Secrets of the white-rumped vulture at Kangra's Pong Dam lake

This key wetland area in Himachal is home to a big population of the critically endangered vulture. But what is the reason behind its large numbers?

Kangra Valley in Himachal Pradesh is a unique spot in India—it is home to one of the largest wild populations of the critically endangered white-rumped vulture (Gyps bengalensis) in the country.
Kangra Valley in Himachal Pradesh is a unique spot in India—it is home to one of the largest wild populations of the critically endangered white-rumped vulture (Gyps bengalensis) in the country. (Courtesy: Malyasri Bhattacharya)

Kangra Valley in Himachal Pradesh is a unique spot in India—it is home to one of the largest wild populations of the critically endangered white-rumped vulture (Gyps bengalensis) in the country. The Kangra Valley extends from the foot of the Dhauladhar range to the south of river Beas. Landscapes in Kangra range from dry canyons and streams to subtropical forest, wetland, high altitude forest and meadows.



I wanted to find out the reason behind the large population of vultures in the area—did it relate to habitat, food availability, elevation or slope? A few months after I started my fieldwork, covid-19 broke out. The Himachal Pradesh Forest department staff supported our work enormously and helped us carry on even in the pandemic. The department also established a vulture restaurant—a fenced site where carrion is deposited to attract the birds—which are crucial to conserve the critically endangered species. Understanding the habitat and the movement dynamics of vultures are necessary to understand the problem.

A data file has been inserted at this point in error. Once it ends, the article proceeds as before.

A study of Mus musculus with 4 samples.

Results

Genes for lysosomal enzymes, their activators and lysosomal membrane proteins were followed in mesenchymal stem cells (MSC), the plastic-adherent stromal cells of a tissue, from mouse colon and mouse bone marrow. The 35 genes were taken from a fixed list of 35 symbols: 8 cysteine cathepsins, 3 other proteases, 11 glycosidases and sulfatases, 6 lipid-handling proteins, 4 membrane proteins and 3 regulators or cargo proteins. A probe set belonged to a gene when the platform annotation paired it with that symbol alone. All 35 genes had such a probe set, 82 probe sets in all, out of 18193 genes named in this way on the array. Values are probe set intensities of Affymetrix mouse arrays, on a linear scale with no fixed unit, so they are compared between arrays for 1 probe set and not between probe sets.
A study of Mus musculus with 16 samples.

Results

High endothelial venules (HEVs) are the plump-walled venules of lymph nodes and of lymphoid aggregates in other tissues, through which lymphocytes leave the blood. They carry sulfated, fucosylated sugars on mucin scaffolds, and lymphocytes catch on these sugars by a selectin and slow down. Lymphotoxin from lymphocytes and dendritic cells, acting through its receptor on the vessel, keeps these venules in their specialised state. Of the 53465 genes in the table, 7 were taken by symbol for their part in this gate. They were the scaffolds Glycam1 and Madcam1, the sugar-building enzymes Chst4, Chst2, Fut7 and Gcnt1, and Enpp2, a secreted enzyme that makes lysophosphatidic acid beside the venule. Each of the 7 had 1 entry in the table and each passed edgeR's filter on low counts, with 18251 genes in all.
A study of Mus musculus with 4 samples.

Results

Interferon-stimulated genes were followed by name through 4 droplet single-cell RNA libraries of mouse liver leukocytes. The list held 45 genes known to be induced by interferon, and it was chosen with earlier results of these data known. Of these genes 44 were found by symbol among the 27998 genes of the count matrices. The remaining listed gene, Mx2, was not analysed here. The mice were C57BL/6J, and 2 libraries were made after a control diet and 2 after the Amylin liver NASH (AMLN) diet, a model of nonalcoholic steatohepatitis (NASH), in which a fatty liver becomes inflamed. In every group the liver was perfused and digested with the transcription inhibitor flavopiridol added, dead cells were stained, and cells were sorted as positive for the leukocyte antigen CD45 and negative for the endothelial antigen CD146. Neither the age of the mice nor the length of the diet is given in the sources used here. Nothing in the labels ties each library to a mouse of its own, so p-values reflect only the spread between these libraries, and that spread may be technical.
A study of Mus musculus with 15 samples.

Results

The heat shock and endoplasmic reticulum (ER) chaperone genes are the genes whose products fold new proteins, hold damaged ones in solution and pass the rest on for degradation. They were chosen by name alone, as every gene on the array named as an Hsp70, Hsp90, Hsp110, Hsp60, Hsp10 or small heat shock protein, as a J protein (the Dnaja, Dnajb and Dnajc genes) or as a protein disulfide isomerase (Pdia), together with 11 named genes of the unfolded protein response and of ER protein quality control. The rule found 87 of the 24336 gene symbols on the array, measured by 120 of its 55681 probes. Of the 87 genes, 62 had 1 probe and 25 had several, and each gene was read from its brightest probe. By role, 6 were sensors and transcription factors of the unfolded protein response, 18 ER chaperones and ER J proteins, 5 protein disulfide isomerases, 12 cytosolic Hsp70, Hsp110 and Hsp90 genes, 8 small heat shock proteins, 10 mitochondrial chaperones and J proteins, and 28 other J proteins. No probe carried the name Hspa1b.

From December 2020, we started identifying the breeding areas and feeding sites as well as monitoring carcasses. Around January 2021, we had to stop work as there was a bird flu, or avian influenza, outbreak among the migratory birds at Pong Dam Lake.
From December 2020, we started identifying the breeding areas and feeding sites as well as monitoring carcasses. Around January 2021, we had to stop work as there was a bird flu, or avian influenza, outbreak among the migratory birds at Pong Dam Lake. (Courtesy: Malyasri Bhattacharya)

We changed tack to focus on the cause of bird mortality, and surveyed the ground. The forest department staff had observed the first dead birds, including bar-headed geese, on 28 December 2020. Soon, carcasses were being found daily in many parts of the reservoir. Around the same time, reports of mass mortality of poultry in a nearby farm came to be known. As per protocol, the forest department personnel started to collect the carcasses of dead birds in the reservoir and bury them. Samples sent to the ICAR-National Institute of High-Security Animal Diseases (NIHSAD) in Bhopal confirmed the cause of mortality as the highly pathogenic H5N1, the virus that causes avian influenza which primarily infects birds but, in some cases, can be transmitted to humans.